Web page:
Betting on the Devils: Legal Sports Wagering Begins in New Jersey With Governor Placing Stanley Cup Bet - NBC 10 Philadelphia

Betting on the Devils: Legal Sports Wagering Begins in New Jersey With Governor Placing Stanley Cup Bet

Gov. Phil Murphy places first bet at Monmouth Park, betting on Germany to win the World Cup and the Devils to Win the Stanley Cup.


    Sports Betting Begins in New Jersey

    Legal sports betting will get underway Thursday in New Jersey as Gov. Phil Murphy places the first wager at Monmouth Park. (Published Thursday, June 14, 2018)

    What to Know

    • Gov. Phil Murphy places $20 bets on Germany to win the World Cup soccer tournament, and the New Jersey Devils to win hockey's Stanley Cup.

    • Sports betting is now allowed in New Jersey casinos and racetracks for certain professional and collegiate sports or athletic events

    • The Borgata in Atlantic City followed Monmouth Park in taking the state's first sports wagers.

    New Jersey's governor kicked off a new era of gambling Thursday in the state that led the charge for the entire nation to bet on sports legally.

    Gov. Phil Murphy placed $20 bets on Germany to win the World Cup soccer tournament, and the New Jersey Devils to win hockey's Stanley Cup next season.

    Murphy plunked his money down at a counter inside Monmouth Park, a horse racing track in Oceanport, near the Jersey shore. The wagers came a month after New Jersey won a U.S. Supreme Court case clearing the way for all 50 states to legalize sports betting if they choose.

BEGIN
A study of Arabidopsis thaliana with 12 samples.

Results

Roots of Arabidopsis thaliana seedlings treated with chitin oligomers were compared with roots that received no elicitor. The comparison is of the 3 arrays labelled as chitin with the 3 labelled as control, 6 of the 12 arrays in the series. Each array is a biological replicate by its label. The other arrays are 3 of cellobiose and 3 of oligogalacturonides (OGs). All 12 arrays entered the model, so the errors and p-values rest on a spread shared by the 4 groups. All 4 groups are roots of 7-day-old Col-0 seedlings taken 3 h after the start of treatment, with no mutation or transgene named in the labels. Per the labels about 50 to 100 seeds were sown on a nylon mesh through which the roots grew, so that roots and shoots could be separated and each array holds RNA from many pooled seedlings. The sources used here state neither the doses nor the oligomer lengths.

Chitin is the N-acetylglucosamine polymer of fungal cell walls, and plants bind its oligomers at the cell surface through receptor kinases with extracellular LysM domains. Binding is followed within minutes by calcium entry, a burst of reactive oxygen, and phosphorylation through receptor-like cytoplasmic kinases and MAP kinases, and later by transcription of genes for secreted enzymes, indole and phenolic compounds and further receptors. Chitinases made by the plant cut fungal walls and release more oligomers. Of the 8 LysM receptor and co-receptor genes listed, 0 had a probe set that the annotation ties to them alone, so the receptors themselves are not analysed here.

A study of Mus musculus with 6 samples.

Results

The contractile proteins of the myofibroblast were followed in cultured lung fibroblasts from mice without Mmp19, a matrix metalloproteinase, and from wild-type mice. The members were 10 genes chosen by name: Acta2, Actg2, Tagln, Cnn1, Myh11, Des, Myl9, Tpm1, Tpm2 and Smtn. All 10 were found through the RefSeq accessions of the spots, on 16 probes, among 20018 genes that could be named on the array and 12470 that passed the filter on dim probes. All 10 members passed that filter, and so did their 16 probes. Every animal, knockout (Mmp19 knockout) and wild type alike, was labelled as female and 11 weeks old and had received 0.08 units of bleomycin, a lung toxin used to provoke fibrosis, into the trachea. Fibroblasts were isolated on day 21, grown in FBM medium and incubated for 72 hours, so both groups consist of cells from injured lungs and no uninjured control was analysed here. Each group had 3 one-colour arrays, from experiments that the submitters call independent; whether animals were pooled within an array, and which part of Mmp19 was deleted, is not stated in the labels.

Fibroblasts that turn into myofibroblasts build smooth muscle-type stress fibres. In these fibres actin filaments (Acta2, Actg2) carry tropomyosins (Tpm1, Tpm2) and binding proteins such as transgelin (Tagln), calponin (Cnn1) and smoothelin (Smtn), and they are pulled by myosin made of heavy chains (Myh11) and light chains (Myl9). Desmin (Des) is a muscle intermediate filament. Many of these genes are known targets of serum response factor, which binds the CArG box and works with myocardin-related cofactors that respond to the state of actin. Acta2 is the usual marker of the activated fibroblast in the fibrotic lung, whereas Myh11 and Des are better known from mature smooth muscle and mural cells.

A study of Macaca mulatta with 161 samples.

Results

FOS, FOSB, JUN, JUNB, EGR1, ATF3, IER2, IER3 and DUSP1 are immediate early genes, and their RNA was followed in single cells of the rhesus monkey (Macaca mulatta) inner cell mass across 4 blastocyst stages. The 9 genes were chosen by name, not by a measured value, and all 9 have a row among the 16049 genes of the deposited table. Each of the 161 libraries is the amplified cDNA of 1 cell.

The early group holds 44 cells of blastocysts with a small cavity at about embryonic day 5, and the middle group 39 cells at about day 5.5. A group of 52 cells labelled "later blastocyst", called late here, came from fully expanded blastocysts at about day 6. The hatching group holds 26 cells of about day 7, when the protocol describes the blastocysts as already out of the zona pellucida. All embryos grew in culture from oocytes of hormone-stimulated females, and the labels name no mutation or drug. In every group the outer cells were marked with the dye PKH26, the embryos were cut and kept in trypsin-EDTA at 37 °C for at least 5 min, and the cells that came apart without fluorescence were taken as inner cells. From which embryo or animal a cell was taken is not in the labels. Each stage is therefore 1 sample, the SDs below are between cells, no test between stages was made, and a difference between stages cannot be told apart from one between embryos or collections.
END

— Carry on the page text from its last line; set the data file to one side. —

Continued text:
From there, he was headed to the Borgata, the first Atlantic City casino to offer sports betting, where he planned to make another bet or two.

    Murphy cited the old adage to "bet with your head, not with your heart." As the state fought for eight years against a federal law that had limited sports betting to only four states — Nevada, Delaware, Montana and Oregon — the Democratic governor said, "Our heads and hearts were in alignment."

    "We knew in our heads we were right and we knew in our hearts we would win," he said. "We've got a lot of good times ahead."

    Bettors were quick to line up at counters in the track's sports book facility, underneath video boards touting odds on baseball, football, soccer and hockey.

    Al Pniewski, of Hazlet, took the day off from his warehouse job at a food service company to bet $100 on the Pittsburgh Steelers to win the next Super Bowl, at 12-1 odds. (The New England Patriots were favored at 6-1, followed by the Los Angeles Rams and 8-1.)

    "My wife thinks I'm nut for doing this," he said. "This has been a long time coming. On college football Saturdays, me and my brother-in-law are gonna be here every weekend."

    British bookmaker William Hill partnered with Monmouth Park to offer sports betting years before it was even possible, in anticipation of the day when a federal prohibition on such wagering in all but four states would be reversed.

    "I'm super-excited," said Joe Asher, CEO of William Hill US. "A lot of people have worked a long time to make this happen."

    Asher said he contacted Dennis Drazin, who runs Monmouth, in 2012 about getting in early on a U.S. sports betting market that did not yet exist. They signed a contract to do it in 2013, and have been preparing ever since.

    Experts predict in-game betting, in which customers use smartphones to wager on developments over the course of a game, will quickly become a major component of sports betting in the U.S.

    But online sports betting will not start for at least 30 days in New Jersey; until then, it is limited to casinos and horse tracks.